December 2015—Rebecca Bradford


As the shop enters its fifth holiday season, Rebecca explains that the foundation for Simply Southern began when she was a young child. Her lifelong experiences with her Catholic faith and her family, coupled with her creative mindset and passion for her hometown, are evident in every aspect of the business—not simply what is displayed on the shelves.

The youngest of five children, Rebecca grew up near St. Joseph Abbey in Covington. She recalls having monks, neighbors and friends in the kitchen for visits and family meals. “We never knew who was going to pop in. My mom was always ready for company. She stocked our pantry with ingredients that enabled her to put together something special at a moment’s notice,” she said. “I try to emulate that same sense of hospitality at the store. It is more than simply welcoming our customers. We provide that ‘special something’ for people looking for gifts or pieces to decorate their homes.”

Rebecca cultivated her creative side from an early age. While she may not have always referred to herself as an artist, she displayed a talent—and a passion—that are the definition of artistry. It was pure serendipity that propelled her into opening Simply Southern. And of course, it began with Christmas.

In the winter of 2009, Rebecca wanted a way to commemorate the exceptional Saints season so she made ornaments for friends and family. A few weeks later, while her beloved team was creating its destiny as Super Bowl champions, Rebecca began creating her own destiny as a successful business owner.

With the help of her parents, Jim and Dayle Bradford, and her brother Jim and sister-in-law Charlotte, Rebecca put together the concept for Simply Southern. Using the name she and her sister Julie had originally wanted to use for bringing their mother’s pralines to the marketplace, they envisioned a forum for local artists and artisans to sell their wares.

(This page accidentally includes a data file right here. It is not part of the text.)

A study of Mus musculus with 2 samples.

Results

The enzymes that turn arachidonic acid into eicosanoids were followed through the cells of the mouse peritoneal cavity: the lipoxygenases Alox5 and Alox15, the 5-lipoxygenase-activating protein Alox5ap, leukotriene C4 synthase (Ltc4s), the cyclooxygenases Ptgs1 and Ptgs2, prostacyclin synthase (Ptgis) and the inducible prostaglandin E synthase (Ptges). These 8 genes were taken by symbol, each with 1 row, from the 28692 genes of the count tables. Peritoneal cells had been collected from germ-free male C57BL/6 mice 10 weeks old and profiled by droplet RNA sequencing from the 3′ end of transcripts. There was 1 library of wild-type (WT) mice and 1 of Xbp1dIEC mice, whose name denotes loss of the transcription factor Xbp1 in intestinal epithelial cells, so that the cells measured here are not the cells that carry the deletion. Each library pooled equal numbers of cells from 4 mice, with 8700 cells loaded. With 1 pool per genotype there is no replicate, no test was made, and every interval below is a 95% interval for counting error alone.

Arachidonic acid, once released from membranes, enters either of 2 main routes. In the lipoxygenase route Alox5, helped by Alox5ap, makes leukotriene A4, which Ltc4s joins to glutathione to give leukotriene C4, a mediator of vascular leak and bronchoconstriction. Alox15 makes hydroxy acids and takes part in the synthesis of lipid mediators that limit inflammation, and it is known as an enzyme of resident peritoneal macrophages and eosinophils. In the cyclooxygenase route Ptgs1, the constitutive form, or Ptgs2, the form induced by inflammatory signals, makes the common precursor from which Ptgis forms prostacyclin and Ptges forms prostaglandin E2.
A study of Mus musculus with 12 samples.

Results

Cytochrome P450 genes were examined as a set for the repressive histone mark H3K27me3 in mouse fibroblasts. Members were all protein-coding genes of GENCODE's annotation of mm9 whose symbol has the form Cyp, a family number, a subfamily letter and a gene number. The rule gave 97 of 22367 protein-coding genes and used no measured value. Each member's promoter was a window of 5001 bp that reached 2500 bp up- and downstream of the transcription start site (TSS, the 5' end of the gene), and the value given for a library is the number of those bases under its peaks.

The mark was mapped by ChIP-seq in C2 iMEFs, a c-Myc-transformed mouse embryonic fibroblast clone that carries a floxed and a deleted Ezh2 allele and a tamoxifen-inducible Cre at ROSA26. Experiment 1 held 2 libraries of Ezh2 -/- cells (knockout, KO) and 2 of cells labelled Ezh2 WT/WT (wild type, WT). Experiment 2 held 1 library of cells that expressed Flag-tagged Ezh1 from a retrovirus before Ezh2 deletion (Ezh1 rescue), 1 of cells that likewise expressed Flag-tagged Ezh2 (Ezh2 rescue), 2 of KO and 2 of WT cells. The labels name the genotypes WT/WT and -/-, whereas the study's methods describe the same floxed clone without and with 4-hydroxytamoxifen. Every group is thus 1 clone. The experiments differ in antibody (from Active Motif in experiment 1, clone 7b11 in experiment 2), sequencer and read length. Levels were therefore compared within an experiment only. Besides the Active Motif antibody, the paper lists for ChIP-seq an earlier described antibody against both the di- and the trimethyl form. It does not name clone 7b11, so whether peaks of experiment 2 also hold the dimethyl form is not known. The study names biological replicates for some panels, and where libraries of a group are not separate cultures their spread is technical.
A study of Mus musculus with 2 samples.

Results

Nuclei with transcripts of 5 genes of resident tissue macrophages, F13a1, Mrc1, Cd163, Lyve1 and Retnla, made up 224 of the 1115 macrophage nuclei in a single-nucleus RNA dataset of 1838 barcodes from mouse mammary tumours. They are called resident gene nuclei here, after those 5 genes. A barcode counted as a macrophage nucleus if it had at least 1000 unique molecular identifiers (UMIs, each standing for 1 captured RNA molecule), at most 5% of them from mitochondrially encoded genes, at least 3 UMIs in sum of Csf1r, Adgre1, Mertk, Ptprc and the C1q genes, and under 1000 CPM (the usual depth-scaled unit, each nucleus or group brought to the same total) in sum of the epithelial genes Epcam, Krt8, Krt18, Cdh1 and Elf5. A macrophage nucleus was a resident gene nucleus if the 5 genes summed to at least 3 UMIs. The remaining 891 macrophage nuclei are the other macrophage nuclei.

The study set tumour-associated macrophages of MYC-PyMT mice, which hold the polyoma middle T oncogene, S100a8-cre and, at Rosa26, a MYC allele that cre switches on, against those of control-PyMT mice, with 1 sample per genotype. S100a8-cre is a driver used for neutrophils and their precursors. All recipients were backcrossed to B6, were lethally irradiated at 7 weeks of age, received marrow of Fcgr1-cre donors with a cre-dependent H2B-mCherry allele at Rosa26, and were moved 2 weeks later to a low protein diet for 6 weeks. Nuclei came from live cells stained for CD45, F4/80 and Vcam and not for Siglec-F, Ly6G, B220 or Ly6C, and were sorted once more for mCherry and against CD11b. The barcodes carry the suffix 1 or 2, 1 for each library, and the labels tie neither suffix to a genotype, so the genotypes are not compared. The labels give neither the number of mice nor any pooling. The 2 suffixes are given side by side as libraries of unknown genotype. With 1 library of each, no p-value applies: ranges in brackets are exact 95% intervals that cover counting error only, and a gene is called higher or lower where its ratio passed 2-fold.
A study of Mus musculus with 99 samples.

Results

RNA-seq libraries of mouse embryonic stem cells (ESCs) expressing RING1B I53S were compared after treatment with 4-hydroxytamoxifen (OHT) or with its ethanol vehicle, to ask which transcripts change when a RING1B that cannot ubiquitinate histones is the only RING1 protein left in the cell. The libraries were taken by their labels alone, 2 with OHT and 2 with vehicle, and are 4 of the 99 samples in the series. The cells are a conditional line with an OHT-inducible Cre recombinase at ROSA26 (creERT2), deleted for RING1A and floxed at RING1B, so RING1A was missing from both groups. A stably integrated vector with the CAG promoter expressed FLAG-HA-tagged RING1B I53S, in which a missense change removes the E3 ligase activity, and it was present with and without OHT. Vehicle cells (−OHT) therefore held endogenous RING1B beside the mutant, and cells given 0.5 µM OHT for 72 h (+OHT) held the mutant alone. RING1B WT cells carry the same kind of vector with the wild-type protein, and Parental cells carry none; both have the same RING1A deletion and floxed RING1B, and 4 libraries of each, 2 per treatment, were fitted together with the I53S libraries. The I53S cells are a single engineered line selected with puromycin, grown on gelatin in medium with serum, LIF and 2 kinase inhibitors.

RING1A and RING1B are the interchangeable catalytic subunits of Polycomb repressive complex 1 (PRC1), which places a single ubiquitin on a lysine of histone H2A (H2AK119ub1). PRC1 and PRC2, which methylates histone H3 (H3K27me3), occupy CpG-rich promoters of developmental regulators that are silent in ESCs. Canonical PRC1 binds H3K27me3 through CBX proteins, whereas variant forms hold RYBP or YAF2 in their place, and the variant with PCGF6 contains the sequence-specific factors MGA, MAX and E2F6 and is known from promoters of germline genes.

by-fenceIn preparation for opening the store, Rebecca took a leap of faith and quit her job. She traveled the Southeast United States attending craft fairs and festivals, visiting artist guilds and consignment shops. Along the way, she learned about the people behind their artwork. Being able to share artists’ stories, as well as their talents, was an unexpected blessing. “I work with a variety of artists—some of them are mom and pop businesses, some are full-time painters and craftspeople. We have retirees supplementing their incomes and young artists trying to cultivate a following. By showcasing such a variety of artists and media, we’ve been able to put together an eclectic array that offers something for everyone,” she said.
While Simply Southern does feature artists from across the South, the majority of the pieces are made within a 60-mile radius. “We are the ultimate ‘shop local’ experience,” Rebecca explained. For instance, the store has sold more than 12,000 bars of Monk Soap, handcrafted by Brother Andrew and the monks of St. Joseph Abbey.

Since opening the store in October 2011, Rebecca has used feedback from her customers to work with artists on special pieces and offerings. She said having the pulse of the community helps on both sides of the counter. Artists can tailor some of their pieces, or even expand their product lines based on what customers are looking for. The store’s assortment of hand-made ornaments is a great example of that collaboration.

“We’ve had such a great response to our ornaments that some artists have begun their own collections. Ornaments are like jewels on a Christmas tree. Their beauty comes not only from their designs, but from the memories that are associated with them.”

Noting that everything is better with twinkle lights, Rebecca said that once the garland is up, the store takes on a magical quality. Customers come in and their sense of wonder and merriment is restored. “We offer an escape from the hectic pace of the outside world and make the gift giving experience fun again,” she said. “It’s more than checking items off a list, it’s about connecting gifts with recipients. To top it off, we take care of the gift-wrapping, regardless of the price point. We give as much attention to the gift packaging as to the gift itself.”

And mom’s famous pralines? Even they make an appearance over the holidays, giving customers a sweet treat while they are shopping.

with-boyA devoted aunt to 11 nieces and nephews, Rebecca said Christmas is taking on special significance now that the older ones have gone on to college. Adding to the gift packages she mails to them throughout the year, Rebecca has included a new tradition for the holidays where she makes a medley of their favorite dishes.

with-worker“The holidays are a wonderful time for honoring traditions, enjoying family and making memories,” she explained. “But honoring those things throughout the year is what it is all about. It’s what makes me a simply Southern girl, and it’s what marks the store as Simply Southern.

Simply Southern is located at 70448 Hwy. 21 in Covington. For more information, you can call the store at 985-871-1466 or visit their website, simplysouthern.com.